Backlash over London Uber ban
The mayor of London is at the centre of a public backlash after transport authorities banned Uber from operating in the city.
More than 335,000 people signed a petition within hours of the announcement yesterday, calling on Sadiq Khan to overturn a decision to strip the world’s biggest ride-hailing app of its licence.
Business leaders reacted by saying London was being run by ‘‘Luddites’’. Transport for London (TfL), which is chaired by Khan, was accused of ‘‘cronyism’’ by bowing to pressure from trade unions and black cab drivers who have waged a campaign against Uber for years.
The decision has also placed the future of the company’s tens of thousands of drivers in London under threat.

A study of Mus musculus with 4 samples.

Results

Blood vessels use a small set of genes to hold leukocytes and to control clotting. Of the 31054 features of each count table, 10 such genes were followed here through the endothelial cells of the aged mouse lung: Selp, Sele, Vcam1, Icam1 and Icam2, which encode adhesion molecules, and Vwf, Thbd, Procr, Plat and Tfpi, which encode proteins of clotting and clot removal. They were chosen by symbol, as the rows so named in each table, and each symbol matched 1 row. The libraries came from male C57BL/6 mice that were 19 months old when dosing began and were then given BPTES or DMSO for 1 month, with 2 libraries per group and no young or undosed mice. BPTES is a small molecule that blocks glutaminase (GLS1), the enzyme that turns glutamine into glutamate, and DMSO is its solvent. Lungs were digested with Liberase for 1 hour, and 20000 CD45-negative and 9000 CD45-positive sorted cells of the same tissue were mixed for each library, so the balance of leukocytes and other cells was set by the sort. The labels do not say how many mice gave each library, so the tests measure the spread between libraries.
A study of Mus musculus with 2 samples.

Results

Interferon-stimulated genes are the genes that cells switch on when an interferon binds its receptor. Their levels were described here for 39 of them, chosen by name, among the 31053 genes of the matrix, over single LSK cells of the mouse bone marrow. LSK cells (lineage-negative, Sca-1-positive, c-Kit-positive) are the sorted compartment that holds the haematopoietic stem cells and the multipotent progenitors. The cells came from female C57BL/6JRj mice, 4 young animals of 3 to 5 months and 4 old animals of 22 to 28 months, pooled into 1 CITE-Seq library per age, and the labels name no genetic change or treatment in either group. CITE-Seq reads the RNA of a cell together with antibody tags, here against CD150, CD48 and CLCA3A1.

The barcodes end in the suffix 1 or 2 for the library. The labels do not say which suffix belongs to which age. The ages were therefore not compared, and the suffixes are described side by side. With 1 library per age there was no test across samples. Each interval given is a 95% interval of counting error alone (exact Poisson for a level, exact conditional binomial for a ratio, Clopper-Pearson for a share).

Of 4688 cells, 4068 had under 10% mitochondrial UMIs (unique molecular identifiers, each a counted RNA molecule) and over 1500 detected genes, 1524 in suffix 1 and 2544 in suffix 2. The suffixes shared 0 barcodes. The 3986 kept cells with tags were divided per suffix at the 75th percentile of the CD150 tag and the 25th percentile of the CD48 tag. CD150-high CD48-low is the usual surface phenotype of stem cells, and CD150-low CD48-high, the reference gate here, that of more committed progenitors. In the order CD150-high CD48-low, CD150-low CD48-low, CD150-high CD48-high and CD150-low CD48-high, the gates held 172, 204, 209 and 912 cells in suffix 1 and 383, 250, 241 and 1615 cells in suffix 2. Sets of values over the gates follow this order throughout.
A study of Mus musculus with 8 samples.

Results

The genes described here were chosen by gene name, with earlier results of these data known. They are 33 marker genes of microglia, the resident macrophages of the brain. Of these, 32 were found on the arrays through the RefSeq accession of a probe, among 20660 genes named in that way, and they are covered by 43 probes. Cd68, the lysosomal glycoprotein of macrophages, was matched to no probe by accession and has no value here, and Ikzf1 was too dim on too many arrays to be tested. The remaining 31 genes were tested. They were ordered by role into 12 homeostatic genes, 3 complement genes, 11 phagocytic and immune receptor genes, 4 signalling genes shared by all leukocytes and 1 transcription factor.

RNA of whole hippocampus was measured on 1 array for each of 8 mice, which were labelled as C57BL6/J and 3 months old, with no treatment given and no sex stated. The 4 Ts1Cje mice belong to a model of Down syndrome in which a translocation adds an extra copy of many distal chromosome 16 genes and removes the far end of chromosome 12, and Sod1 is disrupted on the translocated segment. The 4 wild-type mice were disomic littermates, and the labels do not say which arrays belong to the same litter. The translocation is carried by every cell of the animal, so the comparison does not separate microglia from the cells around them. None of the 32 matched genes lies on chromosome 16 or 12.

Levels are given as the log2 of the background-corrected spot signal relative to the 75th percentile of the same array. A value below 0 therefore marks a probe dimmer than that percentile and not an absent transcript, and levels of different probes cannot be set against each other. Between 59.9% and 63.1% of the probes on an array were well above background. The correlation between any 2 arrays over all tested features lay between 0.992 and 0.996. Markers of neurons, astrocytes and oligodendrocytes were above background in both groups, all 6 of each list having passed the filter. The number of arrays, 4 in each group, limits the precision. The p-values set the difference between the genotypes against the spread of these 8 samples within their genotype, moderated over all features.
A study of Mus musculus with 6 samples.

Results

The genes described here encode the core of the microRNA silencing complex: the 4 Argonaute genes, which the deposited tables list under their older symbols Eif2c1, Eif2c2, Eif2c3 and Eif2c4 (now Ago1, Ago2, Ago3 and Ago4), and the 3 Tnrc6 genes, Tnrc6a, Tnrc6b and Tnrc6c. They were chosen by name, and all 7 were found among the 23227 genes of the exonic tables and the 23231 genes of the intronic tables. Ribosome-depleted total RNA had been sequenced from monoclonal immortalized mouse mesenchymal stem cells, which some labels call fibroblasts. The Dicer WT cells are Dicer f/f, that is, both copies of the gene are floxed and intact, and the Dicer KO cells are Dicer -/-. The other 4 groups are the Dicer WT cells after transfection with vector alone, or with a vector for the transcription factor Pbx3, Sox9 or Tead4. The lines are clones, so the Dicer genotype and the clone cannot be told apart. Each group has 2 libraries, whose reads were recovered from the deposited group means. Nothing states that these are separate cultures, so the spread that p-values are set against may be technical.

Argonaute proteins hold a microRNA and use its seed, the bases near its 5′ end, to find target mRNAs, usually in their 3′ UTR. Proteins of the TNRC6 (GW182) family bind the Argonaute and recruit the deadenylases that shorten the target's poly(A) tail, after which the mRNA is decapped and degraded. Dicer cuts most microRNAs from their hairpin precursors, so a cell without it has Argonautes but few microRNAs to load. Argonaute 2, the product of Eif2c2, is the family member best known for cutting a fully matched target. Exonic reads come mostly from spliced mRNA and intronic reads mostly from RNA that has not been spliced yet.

TfL said Uber, which is used by 3.5 million people in London – more than any other European city – was no longer a ‘‘fit and proper’’ operator. It accused the company of failing to report serious criminal offences, check drivers’ criminal records or ensure drivers were medically fit.
Last month the Metropolitan Police suggested that the company was putting its reputation before public safety by allowing a driver to continue working despite facing a sexual assault allegation.
Uber said it was ‘‘astounded’’ by the ruling, which is due to come into force at the end of next week, and vowed to lodge an appeal that will be heard by Westminster magistrates’ court within 21 days, giving the company a stay of execution. Any refusal to reinstate its licence will prompt an appeal to a senior court, raising the prospect of a lengthy legal battle.